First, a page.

The scene was a familiar one to anyone who watches the Antiques Roadshow on PBS. Folks of all sizes and ages are toting pictures or wrapped packages, pushing a piece of furniture or clasping a lamp, a vase a sculpture. All are aiming for the correct tables identified by such banners as Toys, Furniture, Dolls, Photographs, Decorative Arts, Glass, Paintings, Collectibles, Asian Arts, Ancient Art, Folk Art, Tribal Art, Jewelry and more. The Roadshow had come to Chicago.
Taped 8 a.m. to about 6 p.m., July 26, 2014, at McCormick Place’s Lakeside building, the Chicago visit would air as three regular, hour-long segments in 2015 and probably have enough left over to be on a couple of “Junk in the Trunk” segments.
After hearing from Hannah Auerbach, a Roadshow national marketing executive, that 3,000 pairs of tickets were given out and two items were allowed per person, the question was can the experts see 6,000 people and appraise 18,000 items in one day?
“Yes, everyone is seen. We don’t leave until the last person is seen,” Auerbach said.
She pointed out that about 72 appraisal experts of the Roadshow's bank of 150 were on hand in Chicago. The surprise was that the experts did not receive a stipend. “They pay their own way out here,” she said. “We’re PBS. We couldn’t afford to do the show if we had to pay them.” And guiding everyone from a convention center entry downstairs, up to a vast partitioned hall and to the right tables, were more volunteers. They came from local PBS stations.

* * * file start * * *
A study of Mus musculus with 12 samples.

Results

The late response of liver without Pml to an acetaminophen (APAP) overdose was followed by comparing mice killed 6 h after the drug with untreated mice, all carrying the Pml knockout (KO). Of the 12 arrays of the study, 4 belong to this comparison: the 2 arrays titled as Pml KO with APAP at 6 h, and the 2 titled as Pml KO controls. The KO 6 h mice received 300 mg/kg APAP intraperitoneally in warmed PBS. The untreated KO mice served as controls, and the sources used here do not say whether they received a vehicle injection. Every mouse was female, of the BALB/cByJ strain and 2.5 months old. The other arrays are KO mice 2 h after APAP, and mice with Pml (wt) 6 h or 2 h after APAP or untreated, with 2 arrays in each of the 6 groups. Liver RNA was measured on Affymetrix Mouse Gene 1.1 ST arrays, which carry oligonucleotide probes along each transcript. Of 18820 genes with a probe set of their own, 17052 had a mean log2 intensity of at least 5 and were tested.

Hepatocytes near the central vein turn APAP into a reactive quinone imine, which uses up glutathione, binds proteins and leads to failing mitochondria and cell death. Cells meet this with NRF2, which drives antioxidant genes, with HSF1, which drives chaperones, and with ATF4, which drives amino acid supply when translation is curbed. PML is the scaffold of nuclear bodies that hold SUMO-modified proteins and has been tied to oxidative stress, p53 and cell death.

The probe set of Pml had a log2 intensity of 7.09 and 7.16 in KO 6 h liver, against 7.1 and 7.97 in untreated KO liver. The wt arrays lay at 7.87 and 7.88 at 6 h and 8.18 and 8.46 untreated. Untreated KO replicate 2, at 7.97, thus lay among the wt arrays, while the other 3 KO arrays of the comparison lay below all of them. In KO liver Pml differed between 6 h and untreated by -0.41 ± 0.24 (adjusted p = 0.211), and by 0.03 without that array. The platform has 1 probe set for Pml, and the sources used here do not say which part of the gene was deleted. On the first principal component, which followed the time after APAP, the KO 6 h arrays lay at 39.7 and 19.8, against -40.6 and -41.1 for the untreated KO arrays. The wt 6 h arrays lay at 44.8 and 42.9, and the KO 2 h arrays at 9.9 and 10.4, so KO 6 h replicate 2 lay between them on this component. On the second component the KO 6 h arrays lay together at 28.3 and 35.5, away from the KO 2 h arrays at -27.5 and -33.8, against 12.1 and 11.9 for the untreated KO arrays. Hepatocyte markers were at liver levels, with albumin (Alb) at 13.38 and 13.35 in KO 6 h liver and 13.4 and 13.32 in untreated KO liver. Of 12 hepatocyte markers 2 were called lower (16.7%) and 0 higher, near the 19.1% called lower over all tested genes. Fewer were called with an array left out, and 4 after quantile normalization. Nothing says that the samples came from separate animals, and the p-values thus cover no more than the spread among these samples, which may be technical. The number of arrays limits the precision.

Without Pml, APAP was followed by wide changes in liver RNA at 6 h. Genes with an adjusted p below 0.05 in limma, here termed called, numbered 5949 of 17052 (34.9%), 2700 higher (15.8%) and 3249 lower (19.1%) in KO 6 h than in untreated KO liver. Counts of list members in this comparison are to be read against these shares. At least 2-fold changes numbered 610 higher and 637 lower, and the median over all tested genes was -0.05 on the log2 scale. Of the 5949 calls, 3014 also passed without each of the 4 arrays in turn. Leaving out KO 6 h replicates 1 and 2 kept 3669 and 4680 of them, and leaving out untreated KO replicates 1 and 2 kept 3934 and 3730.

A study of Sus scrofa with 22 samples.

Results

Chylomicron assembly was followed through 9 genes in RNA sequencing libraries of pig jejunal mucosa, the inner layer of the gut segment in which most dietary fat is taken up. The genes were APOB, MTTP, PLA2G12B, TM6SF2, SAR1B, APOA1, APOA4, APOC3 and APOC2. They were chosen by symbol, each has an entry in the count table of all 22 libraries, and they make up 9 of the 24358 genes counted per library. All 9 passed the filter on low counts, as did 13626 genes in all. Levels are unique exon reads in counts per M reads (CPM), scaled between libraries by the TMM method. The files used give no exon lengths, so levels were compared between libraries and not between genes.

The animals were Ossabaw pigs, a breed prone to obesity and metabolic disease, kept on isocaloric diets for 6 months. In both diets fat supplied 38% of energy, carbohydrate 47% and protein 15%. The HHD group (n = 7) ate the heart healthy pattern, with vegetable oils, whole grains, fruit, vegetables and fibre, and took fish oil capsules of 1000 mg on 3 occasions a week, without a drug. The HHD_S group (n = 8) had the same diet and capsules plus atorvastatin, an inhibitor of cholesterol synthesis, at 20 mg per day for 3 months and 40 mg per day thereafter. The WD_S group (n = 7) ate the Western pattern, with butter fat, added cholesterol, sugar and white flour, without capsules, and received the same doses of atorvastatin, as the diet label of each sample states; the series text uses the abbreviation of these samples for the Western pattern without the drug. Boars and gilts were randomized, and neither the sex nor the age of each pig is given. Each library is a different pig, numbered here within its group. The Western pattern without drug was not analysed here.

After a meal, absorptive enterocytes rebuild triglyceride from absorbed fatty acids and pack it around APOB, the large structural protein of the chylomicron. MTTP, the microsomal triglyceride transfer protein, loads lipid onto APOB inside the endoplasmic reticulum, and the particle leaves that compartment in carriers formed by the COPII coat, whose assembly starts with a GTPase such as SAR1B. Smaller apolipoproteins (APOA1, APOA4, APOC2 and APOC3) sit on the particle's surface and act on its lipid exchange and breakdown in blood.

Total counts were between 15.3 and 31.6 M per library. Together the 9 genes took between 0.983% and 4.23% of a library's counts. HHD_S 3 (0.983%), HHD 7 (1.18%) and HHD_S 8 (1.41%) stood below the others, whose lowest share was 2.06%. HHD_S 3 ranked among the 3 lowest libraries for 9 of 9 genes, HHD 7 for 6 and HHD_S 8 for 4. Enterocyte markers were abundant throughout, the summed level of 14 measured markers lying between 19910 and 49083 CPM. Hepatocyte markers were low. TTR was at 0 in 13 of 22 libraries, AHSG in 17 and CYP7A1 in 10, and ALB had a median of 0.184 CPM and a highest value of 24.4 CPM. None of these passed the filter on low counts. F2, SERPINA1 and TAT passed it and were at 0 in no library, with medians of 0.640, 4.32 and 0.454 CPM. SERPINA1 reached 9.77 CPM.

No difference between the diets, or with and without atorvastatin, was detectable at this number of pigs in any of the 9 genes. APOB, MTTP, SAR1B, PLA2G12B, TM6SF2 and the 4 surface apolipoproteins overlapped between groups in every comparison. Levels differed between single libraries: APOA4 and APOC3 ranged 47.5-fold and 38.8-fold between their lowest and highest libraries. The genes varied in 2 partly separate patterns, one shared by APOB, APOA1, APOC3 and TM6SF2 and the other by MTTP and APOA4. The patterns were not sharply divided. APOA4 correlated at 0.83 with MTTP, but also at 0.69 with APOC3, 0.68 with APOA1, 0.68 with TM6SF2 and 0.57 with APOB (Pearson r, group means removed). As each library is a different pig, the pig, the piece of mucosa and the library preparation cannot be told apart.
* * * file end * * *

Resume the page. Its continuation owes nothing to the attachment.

What viewers usually see on TV are people lined up near appraisers in an area that looks the same no matter where the show has set-up its tables and banners.
Before they reached the appraisal area, however, they were in the timed lines that had begun with 8 a.m. ticket holders and ended with the 5-o-clockers. After that, was a controlled entry where volunteers funneled the crowd into another section. Then, a volunteer sent guests into the appraisal section where someone pointed them where to go with an object.
Once inside the appraisal room, an expert may have talked to the guest and pointed to a table or may have asked the person to wait. If waiting, it was because the expert wanted to pitch the guest's story and object to a producer, known on the floor as a “picker.” The picker would agree or not that this was appropriate for taping.
“It doesn’t have to be valuable. It may be a teaching opportunity or an interesting story,” Auerbach said.
When done, a guest can stop at the Feedback Booth near the exit outside the main area for another chance to be on television.
On the way out, two Fort Wayne women (asked their names not be use), stopped to put back their treasures. “They weren’t worth much,” said one woman. “But we had fun,” said her friend, smiling.
For more Roadshow information visit Antiques Roadshow.